Crop Biotech Update

Researchers Propose New Approach for Regulating Genetically Engineered Crops

September 7, 2022

Researchers, through a Policy Forum article published in Science, are calling for a new approach to regulating genetically engineered (GE) crops. The researchers argue that current approaches for triggering safety testing vary dramatically among countries and generally lack scientific merit, particularly as advances in crop breeding have blurred the lines between conventional breeding and genetic engineering.

The article asserts that a more effective framework would examine the specific new characteristics of the crop itself by using “-omics” approaches rather than focusing on the methods and processes behind the creation of a GE crop. Genomics can be used to scan new crop varieties for unexpected DNA changes, while additional “-omics” methods such as transcriptomics, proteomics, epigenomics, and metabolomics test for other changes to the molecular composition of plants. These methods can be used like a fingerprint to determine whether the product from a new variety is “substantially equivalent” to products already being produced by existing varieties.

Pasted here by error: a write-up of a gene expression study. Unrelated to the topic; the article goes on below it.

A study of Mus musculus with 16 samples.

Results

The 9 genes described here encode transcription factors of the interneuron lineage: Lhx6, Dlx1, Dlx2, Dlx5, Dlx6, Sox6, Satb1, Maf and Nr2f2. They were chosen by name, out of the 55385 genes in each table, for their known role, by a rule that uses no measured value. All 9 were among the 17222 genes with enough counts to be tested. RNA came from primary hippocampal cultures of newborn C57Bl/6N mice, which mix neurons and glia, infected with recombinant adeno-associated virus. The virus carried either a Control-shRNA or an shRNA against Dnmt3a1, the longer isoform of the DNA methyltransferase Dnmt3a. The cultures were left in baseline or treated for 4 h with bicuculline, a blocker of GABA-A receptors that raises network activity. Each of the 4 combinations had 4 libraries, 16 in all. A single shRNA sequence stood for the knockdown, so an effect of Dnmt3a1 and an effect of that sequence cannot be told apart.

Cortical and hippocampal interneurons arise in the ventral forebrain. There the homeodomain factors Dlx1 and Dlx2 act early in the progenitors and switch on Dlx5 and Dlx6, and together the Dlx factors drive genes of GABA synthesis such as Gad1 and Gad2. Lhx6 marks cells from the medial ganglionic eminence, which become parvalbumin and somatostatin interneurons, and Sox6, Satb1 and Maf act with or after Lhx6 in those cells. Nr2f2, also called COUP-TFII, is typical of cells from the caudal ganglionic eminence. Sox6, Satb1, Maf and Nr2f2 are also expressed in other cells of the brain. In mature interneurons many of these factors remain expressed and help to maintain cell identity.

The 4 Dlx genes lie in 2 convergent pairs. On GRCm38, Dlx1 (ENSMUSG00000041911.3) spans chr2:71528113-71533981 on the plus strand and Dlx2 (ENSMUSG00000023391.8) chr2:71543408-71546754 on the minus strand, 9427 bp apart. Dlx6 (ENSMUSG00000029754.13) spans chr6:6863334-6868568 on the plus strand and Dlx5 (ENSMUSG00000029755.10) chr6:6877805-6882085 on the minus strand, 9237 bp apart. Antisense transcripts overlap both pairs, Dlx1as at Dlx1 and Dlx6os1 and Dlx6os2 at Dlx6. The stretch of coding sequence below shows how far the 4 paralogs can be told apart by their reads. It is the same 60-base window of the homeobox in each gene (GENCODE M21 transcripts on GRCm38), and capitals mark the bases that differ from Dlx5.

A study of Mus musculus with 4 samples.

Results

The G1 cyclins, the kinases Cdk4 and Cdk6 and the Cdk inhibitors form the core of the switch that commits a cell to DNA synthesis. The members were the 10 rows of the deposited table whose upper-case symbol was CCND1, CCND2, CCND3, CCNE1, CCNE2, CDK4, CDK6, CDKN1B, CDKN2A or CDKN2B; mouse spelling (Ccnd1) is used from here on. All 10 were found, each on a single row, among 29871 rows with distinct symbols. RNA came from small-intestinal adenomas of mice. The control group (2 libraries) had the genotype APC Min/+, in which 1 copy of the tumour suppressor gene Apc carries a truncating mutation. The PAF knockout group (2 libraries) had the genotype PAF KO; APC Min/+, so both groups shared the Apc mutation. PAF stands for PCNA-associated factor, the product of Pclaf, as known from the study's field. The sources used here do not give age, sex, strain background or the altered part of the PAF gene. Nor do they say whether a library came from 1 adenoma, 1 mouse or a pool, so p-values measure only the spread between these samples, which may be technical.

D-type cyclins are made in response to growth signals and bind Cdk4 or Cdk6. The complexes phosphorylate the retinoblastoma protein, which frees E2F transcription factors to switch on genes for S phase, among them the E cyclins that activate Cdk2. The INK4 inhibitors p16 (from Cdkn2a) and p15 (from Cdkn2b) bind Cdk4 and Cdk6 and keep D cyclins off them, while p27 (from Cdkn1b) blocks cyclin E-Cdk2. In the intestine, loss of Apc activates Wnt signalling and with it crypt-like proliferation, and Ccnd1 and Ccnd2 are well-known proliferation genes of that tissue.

Fred Gould, University Distinguished Professor at North Carolina State University and the corresponding author of the article said that the approaches used right now – which differ among governments – lack scientific rigor. “The size of the change made to a product and the origin of the DNA have little relationship with the results of that change; changing one base pair of DNA in a crop with 2.5 billion base pairs, like corn, can make a substantial difference,” he added. Gould also said that the “-omics” approaches, if used appropriately, would not increase the cost of regulation, as most new varieties would not trigger a need for regulation.

For more details, read the article in NC State University News.